The Norman Transcript


December 9, 2013

Noble launches 50 for 50 Campaign

NORMAN — The Noble Public Schools Foundation for Academic Excellence is on a mission. A mission to help the Noble Public School system provide opportunities to enrich and enhance academic excellence for all Noble students.

In keeping with its mission, the foundation kicked off its 50 for 50 capital campaign, where each graduating class is challenged to raise $1,000 for a grand total of $50,000. By doing so, Noble’s endowment will grow to $500,000 by 2020. The idea is to be more in line with other schools and communities of similar size, and provide support for Noble’s academic resources by providing $25,000 per year without touching the endowed principle.

“I think it is awesome,” foundation board member and class co-captain Kim Adams said of the campaign. “We’ve never done anything like this before. I think it’s very important for the schools and the community. We’ve already raised $8,000 in less than 72 hours of the kickoff.”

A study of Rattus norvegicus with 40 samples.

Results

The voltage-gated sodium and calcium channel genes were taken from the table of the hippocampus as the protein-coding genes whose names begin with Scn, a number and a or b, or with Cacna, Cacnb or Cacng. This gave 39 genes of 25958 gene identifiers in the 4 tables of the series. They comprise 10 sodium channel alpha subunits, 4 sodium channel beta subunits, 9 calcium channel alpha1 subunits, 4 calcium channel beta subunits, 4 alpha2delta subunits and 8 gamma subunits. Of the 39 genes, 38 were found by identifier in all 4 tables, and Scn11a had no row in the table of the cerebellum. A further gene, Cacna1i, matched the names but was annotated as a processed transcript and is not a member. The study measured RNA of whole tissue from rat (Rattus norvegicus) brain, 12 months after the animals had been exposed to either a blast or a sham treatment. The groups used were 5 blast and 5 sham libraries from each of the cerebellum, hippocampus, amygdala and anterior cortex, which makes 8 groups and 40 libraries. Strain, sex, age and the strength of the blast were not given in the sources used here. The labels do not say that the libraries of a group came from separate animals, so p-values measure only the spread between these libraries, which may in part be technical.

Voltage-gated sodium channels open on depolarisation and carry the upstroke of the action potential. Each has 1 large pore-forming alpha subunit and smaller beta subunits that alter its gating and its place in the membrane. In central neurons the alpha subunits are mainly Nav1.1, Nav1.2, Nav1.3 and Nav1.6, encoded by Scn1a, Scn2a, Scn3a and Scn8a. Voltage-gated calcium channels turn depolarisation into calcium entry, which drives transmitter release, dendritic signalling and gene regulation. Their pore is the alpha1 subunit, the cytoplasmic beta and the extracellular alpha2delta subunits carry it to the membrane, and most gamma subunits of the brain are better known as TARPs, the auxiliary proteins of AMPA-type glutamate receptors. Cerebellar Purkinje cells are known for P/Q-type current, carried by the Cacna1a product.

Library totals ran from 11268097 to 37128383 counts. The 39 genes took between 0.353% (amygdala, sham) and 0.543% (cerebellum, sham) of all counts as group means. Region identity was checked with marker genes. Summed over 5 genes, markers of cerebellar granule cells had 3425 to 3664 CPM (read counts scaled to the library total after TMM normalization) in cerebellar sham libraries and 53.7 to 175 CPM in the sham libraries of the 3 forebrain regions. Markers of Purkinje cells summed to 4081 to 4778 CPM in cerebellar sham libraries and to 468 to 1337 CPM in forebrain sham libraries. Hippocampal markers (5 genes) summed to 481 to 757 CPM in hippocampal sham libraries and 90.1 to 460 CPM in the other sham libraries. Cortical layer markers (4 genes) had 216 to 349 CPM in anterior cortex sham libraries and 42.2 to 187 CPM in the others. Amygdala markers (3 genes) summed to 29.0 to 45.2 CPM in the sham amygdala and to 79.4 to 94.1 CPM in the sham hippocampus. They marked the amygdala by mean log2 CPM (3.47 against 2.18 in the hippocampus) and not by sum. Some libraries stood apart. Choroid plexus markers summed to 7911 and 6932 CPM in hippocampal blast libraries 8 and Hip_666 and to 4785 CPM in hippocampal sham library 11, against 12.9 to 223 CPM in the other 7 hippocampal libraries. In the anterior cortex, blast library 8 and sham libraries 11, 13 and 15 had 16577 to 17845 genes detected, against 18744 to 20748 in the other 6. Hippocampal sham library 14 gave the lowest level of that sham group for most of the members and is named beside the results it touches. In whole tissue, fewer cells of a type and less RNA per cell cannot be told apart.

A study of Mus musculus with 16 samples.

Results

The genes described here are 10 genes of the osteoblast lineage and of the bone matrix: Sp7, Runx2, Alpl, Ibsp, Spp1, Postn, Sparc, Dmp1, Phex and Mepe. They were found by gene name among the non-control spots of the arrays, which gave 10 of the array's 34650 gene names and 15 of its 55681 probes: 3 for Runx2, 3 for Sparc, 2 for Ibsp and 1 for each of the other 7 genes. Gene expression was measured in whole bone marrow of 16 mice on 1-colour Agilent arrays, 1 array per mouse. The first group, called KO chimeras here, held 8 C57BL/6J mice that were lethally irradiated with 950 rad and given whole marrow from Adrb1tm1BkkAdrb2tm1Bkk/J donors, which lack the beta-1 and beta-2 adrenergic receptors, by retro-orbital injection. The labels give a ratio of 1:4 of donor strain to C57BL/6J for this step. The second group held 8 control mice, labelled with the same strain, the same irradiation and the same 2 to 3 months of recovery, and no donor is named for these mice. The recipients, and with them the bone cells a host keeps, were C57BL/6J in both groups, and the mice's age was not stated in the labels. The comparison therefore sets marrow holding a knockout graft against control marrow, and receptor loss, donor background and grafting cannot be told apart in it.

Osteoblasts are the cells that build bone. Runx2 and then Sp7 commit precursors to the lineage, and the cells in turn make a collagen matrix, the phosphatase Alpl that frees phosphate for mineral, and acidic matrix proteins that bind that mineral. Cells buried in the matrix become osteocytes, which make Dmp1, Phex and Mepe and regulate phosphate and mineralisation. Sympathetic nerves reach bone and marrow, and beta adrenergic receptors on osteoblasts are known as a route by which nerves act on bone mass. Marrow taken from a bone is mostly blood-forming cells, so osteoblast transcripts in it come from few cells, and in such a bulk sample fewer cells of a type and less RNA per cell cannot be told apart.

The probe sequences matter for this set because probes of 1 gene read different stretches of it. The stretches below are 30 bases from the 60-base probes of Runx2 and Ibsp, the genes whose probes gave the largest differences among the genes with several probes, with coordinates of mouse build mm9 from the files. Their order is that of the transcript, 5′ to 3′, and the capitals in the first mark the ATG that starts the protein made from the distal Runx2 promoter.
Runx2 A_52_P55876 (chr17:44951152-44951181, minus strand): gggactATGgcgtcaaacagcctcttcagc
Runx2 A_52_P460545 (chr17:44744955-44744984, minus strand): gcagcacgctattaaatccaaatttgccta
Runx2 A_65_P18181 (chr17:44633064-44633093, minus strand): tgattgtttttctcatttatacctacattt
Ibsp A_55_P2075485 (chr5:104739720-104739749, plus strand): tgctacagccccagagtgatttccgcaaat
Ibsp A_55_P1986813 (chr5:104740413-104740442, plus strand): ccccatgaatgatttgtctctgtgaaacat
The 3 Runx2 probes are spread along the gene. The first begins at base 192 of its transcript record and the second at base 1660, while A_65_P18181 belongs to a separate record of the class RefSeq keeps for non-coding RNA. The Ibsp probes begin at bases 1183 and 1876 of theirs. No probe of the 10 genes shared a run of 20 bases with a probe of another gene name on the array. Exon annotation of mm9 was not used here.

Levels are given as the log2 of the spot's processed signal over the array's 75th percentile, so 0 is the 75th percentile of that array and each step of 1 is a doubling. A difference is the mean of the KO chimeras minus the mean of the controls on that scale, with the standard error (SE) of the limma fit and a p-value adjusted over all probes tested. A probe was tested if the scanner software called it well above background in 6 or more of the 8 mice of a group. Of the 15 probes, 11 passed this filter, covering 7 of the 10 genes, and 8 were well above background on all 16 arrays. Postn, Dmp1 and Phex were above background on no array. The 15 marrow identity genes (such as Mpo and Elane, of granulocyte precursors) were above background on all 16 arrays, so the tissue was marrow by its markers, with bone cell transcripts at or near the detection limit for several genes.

Adams is co-captain of the class of 1989 with Lisa Idelman Standridge, Kelli McCoy Melark and Kandy Fitzpatrick Milette.

“Noble has long been blessed by a partnership, a three-legged stool, represented by City Council, the Chamber of Commerce, and the School Administration who have dedicated themselves to working in unison for the better future of the being we know as Noble,” Matt Branstetter said in reference to the way the community can come together to support the campaign.

The foundation’s endowment is used to help administrators and teachers furnish laptops or smart boards, obtain other academic resources and provide various ways to contribute to student learning. As a district, Noble Schools’ endowment size is $70,000, which is substantially lower than the average of between just over $486 thousand and $621 thousand (depending on inclusion or removal of outliers) across comparable districts, Randy Kersey, foundation board member explained.

“The bigger our endowment is the more we’re able to do to help the kids. It’s a way for us as alumni to pay it forward for all the advantages that we’ve gotten by growing up in Noble,“ Kersey said. “Great things don’t happen without big dreams.”